Devolution has made Westminster elections messy affairs. The handling of a devolved issue in Scotland, or the perceived competence of its Government, cannot avoid having a knock-on effect for political parties, which could influence UK voting. Equally, educational policies in Westminster may impact on the devolved administrations. So when Prime Minister Gordon Brown tells The TES in England that education is "a key battleground" in this election, we should take notice.
But what should we notice? It suits the parties to pretend there is clear water between them. The truth is that the water is distinctly muddy. English education has, as the main party spokesmen, three formidable operators. Labour's Ed Balls, the Tories' Michael Gove and David Laws of the Liberal Democrats are all articulate and passionate about education. But, gratifying though it is for education to have such splendid advocates, they are adept at magnifying divisions and obscuring agreement. The reality is different.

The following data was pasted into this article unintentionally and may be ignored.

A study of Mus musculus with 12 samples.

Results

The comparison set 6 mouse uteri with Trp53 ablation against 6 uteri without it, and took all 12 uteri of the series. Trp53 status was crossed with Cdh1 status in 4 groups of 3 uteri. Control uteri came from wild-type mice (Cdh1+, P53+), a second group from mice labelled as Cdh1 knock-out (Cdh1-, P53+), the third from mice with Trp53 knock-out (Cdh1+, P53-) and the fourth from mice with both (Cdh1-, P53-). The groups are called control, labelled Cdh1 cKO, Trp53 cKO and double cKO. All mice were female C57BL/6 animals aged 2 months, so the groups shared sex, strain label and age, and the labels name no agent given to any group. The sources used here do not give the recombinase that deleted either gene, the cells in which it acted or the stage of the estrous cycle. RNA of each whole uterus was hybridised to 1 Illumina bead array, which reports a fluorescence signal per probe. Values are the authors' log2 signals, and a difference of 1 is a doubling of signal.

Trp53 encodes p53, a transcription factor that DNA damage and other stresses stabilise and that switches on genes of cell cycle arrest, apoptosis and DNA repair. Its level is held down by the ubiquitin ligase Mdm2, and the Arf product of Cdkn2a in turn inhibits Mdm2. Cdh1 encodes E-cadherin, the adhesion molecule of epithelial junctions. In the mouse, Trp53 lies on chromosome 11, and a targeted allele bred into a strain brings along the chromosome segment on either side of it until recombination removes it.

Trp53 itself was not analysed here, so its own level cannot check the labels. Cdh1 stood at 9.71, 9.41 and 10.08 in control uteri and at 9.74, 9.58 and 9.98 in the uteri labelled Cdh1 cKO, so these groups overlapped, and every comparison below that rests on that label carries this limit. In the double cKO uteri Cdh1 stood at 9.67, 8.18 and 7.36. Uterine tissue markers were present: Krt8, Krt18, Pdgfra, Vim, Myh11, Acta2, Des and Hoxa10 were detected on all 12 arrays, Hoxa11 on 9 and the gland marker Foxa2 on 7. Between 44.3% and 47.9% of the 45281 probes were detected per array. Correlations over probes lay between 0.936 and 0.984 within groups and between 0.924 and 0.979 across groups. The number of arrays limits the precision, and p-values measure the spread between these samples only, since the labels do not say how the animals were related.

Take league tables - a subject that unites many teachers in shared loathing. Do any of the parties suggest binning them? No. What about ditching external tests at key stage 2 for 11-year-olds? Forget it. A pay freeze? Nobody disagrees. There are some differences, of course - over parents' right to set up schools or the role of the state, for example. But education is a battleground in England only because all three parties have decided to pick a fight.
The inconvenient truth is that there is far more agreement over education among the Westminster parties than there is between them and either Edinburgh or Cardiff. Such a consensus could put pressure on their counterparts in Scotland - especially Labour - to become more radical in their thinking. This election could be more relevant for Scottish education than is yet apparent.
Neil Munro editor of the year (business and professional magazine).